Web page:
It is very difficult to avoid the ‘N’ word. It is written into European and UK policy, and used very widely – including by government agencies, policy makers and even youth workers. Indeed, I’ve even heard young people use the term as a noun to describe themselves. It even sounds horrible and it makes me cringe every time I hear it.
The word is ‘NEET’ – a term used to describe tens of thousands of young people who are currently not in employment, education or training. It is a vile term – which defines people in the negative, and often appears to blame the ‘NEETs’ for the conditions they find themselves in.
It also covers such a very wide range of young people – from those who leave school with no qualifications to those with degrees who find themselves without unemployment. The unemployment rate for 18 – 24 year olds in Northern Ireland remains stubbornly over the 20% figure (and doesn’t include those 16 and 17 year olds who are not working or in education).
I can’t imagine that the European Union would accept such a negative term for any other group of citizens – I think it is time to start challenging this language, and putting the blame on those who have wrecked our economies rather than those who are inheriting the debt!
The term leads to the problematisation of this wide group of our citizens. We see ‘NEETs” as a social problem to be dealt with, rather than as a huge untapped resource for our society. Public Achievement‘s work on our United Youth pilot programmes has taught us a great deal about how many young people are treated as a number and forced into programmes that don’t effectively meet their needs or make any serious attempt to get to know them as individuals.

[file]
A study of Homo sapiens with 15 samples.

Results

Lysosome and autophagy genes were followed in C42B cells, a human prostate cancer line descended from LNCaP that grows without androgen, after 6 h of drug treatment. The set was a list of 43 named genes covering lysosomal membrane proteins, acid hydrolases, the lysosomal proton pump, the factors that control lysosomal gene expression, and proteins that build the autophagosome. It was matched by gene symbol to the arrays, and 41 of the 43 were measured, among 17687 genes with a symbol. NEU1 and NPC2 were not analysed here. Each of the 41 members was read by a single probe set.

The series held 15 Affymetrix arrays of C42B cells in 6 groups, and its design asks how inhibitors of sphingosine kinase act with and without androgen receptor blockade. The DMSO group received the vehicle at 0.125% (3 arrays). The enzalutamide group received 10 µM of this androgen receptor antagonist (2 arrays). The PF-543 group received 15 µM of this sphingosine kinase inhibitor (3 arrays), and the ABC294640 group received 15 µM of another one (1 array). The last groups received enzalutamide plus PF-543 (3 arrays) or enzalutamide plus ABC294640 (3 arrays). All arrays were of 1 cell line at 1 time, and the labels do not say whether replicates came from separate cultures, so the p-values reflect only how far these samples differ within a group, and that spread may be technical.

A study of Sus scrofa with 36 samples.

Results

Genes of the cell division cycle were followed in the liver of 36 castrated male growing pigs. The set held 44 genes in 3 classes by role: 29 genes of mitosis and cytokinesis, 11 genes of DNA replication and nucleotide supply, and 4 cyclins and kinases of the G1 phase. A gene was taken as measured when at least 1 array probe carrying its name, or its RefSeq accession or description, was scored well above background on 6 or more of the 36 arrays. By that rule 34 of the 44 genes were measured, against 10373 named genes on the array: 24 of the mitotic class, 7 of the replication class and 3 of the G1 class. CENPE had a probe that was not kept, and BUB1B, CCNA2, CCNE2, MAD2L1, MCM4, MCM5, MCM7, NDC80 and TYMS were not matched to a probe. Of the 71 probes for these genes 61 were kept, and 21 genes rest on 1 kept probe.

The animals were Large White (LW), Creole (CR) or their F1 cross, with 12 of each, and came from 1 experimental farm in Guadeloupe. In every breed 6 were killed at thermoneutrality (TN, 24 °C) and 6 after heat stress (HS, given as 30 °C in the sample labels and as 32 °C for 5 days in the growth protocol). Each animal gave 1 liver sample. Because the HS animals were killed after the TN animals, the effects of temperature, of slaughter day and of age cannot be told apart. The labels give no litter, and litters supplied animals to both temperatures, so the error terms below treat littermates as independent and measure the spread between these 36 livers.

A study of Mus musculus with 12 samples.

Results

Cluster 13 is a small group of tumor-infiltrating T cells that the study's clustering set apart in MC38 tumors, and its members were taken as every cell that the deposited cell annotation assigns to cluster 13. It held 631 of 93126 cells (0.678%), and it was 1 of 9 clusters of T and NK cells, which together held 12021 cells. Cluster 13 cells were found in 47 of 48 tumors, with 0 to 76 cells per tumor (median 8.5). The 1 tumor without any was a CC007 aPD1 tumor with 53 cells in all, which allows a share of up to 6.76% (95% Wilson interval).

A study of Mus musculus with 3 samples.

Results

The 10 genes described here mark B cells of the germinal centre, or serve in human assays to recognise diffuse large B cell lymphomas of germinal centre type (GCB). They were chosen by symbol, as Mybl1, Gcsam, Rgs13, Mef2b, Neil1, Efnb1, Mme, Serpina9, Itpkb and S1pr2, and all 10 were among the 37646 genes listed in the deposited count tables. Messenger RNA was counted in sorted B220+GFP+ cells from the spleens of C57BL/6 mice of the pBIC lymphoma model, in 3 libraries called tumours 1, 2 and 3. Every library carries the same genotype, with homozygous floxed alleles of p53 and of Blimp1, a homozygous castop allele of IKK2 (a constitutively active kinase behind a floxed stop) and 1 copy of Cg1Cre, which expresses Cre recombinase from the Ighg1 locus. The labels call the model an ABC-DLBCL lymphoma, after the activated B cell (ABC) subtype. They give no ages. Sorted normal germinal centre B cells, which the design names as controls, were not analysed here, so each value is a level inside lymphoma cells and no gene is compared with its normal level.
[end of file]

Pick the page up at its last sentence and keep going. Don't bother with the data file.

One such problem is with a programme called “Steps to Success” (S2S) – which benefit claimants are ‘mandated’ (forced) to join – and which then forces them to leave any other programmes they may be participating in. This process is economically driven as the providers of S2S are only paid on the basis of numbers participating – so it doesn’t allow for any real flexibility (apart from a potential 3 month deferral) or appreciation of the learning that someone may already be involved in.
I am pleased to report that the unit within the Department of Employment and Learning who manage United Youth do not refer to the young people in the pilot with the N word – however much of the rest of that Department and many of our politicians do. I am suggesting that we should all stop using this term – and find more positive and constructive terms for those young people failed by our education system and let down again by our failure to create suitable and meaningful jobs and ongoing learning opportunities for our young citizens.
Perhaps if we stopped using such negative language about young people we might be able to constructively involve them in the building of a more vibrant economy. Our United Youth pilots are full of creative, intelligent, wonderful young people. There are a complex range of reasons why they find themselves in the situation they are in – though for many it is an education system that didn’t understand them and didn’t meet their needs. The sooner we can start seeing them as the great resource that they are – the sooner we can build the Northern Ireland that former US President Clinton envisioned as a “Beacon of Hope” for the rest of the world. The world needs that beacon even more now than when he first visited Belfast 20 years ago.